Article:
It’s a great idea to learn how to best clean and care for the clothing you love. The only problem is, the rules around washing and drying certain fabrics can feel overly complicated! The last thing you want to do is accidentally shrink your new favorite sweater.
Luckily most garments produced today include garment care instructions on the interior label. But because labels are so small, most care instructions are denoted using symbols instead of words.
So how do you know whether or not to tumble dry your garment? And what is tumble dry anyhow? Below I’m sharing what each dryer symbol means as well as how to dry your garments when they don’t include a care label.
What is “Tumble Dry”?
If a garment is labeled “tumble dry,” all that means is you are free to dry that item in a dryer vs. air dry flat or line dry.
With that said, a tumble dry care label doesn’t mean you HAVE to dry that item in a dryer. Air drying is still a gentler, eco-friendly drying option. Plus, white or light colored fabrics that are air dried outside in the sun will benefit from the sun’s natural bleaching properties.
If you have a stained garment, you should avoid heat drying of any kind (see my guide for removing common stains). But tumble drying garments in a dryer will ultimately save you time, which makes it a popular choice.
Common Garment Care Symbols for Tumble Dry
The square with a circle inside is the universal symbol for “tumble dry.” This symbol general means you can add the garment to your dryer at any heat level and it will fare just fine.
Occasionally, garment care labels will also denote the heat limit for tumble drying. I’ll detail each of those symbols below.
Tumble Dry Low Heat
If your care label includes a square with a circle inside and a single dot in the middle, that means your garment can be safely tumble dried in low to no heat.
Tumble Dry Medium Heat
If your care label includes a square with a circle inside and a two dots in the middle, that means your garment can be safely tumble dried in medium to low heat.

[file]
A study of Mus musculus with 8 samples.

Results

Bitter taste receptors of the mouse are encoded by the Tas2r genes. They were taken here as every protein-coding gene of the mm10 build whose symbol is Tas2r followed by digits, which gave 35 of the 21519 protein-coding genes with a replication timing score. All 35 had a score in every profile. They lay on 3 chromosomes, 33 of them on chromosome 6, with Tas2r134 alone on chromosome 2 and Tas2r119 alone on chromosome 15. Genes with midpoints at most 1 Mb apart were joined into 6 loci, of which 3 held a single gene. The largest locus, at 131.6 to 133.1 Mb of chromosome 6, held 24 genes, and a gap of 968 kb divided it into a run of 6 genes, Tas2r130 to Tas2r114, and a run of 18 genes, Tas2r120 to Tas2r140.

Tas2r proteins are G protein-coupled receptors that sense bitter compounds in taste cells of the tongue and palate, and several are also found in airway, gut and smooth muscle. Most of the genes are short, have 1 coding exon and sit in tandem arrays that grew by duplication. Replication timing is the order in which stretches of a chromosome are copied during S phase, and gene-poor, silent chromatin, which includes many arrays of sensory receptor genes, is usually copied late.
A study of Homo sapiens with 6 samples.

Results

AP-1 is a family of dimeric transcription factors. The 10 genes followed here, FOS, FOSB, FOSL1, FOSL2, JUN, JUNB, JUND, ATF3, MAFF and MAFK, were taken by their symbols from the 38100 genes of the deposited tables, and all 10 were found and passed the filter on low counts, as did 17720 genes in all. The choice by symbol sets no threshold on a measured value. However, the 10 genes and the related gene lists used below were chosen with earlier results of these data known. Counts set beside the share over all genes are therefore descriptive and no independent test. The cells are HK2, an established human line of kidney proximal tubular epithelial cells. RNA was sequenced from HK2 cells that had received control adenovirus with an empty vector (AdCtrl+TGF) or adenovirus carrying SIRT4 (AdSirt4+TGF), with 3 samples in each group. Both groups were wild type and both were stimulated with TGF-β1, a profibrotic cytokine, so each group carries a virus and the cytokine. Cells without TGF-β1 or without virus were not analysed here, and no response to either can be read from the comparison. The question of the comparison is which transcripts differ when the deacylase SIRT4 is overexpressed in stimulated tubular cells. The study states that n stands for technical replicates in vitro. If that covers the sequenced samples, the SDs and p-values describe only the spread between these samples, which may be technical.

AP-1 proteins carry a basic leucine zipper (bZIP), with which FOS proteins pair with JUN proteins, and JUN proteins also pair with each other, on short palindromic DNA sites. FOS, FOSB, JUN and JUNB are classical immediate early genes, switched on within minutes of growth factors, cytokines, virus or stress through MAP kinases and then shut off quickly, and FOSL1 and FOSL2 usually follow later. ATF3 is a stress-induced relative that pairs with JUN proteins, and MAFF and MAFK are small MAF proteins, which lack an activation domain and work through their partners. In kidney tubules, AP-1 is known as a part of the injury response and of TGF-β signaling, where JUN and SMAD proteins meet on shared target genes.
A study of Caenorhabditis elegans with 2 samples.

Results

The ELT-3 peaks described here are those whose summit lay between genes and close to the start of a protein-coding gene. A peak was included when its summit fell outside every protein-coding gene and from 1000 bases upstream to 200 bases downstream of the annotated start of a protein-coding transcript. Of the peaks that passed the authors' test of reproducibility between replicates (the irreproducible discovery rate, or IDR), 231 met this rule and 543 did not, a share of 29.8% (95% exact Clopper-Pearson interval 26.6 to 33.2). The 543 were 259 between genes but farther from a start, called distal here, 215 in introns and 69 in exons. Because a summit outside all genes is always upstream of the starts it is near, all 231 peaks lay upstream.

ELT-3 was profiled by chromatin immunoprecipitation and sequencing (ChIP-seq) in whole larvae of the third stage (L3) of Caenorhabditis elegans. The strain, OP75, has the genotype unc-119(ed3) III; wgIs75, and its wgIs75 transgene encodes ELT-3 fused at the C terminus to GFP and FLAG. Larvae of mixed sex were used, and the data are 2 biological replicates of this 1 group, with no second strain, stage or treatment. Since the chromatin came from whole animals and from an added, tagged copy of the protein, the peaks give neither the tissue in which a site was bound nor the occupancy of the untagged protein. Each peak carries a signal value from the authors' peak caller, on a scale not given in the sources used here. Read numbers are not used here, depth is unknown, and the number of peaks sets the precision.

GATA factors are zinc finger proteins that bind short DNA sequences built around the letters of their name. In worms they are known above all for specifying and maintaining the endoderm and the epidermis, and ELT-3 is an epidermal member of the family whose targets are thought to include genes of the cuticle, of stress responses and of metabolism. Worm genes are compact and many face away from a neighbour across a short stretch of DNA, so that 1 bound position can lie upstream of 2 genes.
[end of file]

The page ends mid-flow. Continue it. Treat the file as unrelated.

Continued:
Tumble Dry High Heat
If your care label includes a square with a circle inside and three dots in the middle, that means your garment can be safely tumble dried in high heat.
Dry Flat, Drip Dry, and Line Dry
Symbols such as a square with a circle in the middle with a big X over the top mean do not tumble dry (air dry instead).
Other symbols in this category include a square with three vertical lines (drip dry) and a square with a curve under the top line that to me looks like an envelope (line dry).
Some fabrics will lose their shape if they’re line dried, and for those you’ll often find a symbol that looks like a square with a horizontal line. This symbol means dry the garment flat to prevent any strange puckering in the fabric. This is how I dry most sweaters!
Printable Garment Care Label Guide
Want to make sure you use the correct settings on your washer and dryer when tackling your next load of laundry?
Grab my free printable PDF! Print this out, add it to a clipboard or pop it in a frame and hang it on the wall of your laundry room.
This free printable guide will serve as a helpful reminder for you as well as other family members you may be delegating laundry tasks to…
How to Dry Garments without Care Labels
So your garment doesn’t have a care label with any wash or dry symbols. This isn’t a big problem so long as you have a good idea of what fabric you’re working with.
Fabrics that Cannot be Tumble Dried
Here are some common fabrics you should only line dry or lay flat to dry:
- Lacey delicate items
- Bras with underwire
I also tend to line dry athletic clothes made with stretchy, synthetic fabrics or microfiber fabrics to prevent pilling.
Then there are fabrics that you can technically tumble dry, but should be wary of shrinking:
- Cotton (cotton synthetic blends will generally shrink less when you dry them)
Basic Dryer Maintenance Tips
If you regularly tumble dry your laundry, there are a few basic maintenance things to keep in mind.
Opt for Dryer Balls vs Dryer Sheets
Wool dryer balls will reduce drying time and static cling on fabrics. They are also reusable, compostable, and therefore an eco-friendly alternative to dryer sheets.
Dryer sheets will reduce static cling but they also leave a chemical coating on fabrics to make them feel “soft.” Dryer sheets also leave the same chemical coating on your dryer lint trap, which if left unattended can become a serious fire hazard!
Read more about why I love using wool dryer balls (and the specific ones I use) here.
Clean Your Lint Trap
Basic lint trap maintenance includes removing lint after every single dryer load. But that’s not always enough!
It’s a good idea to actually wash your dryer lint trap regularly to make sure it’s filtering properly. Grab your vacuum cleaner and vacuum excess lint from your machine as well. Learn more about how to clean a dryer lint trap here.
Clean the Exhaust Duct Every 2 Years
Lastly, it’s a good idea to clean the dryer exhaust ducting every other year or so. Unless you’re a confident DIY-er, I recommend hiring this service out to a professional. Leaving the dryer ducts unattended will become a serious fire hazard over time!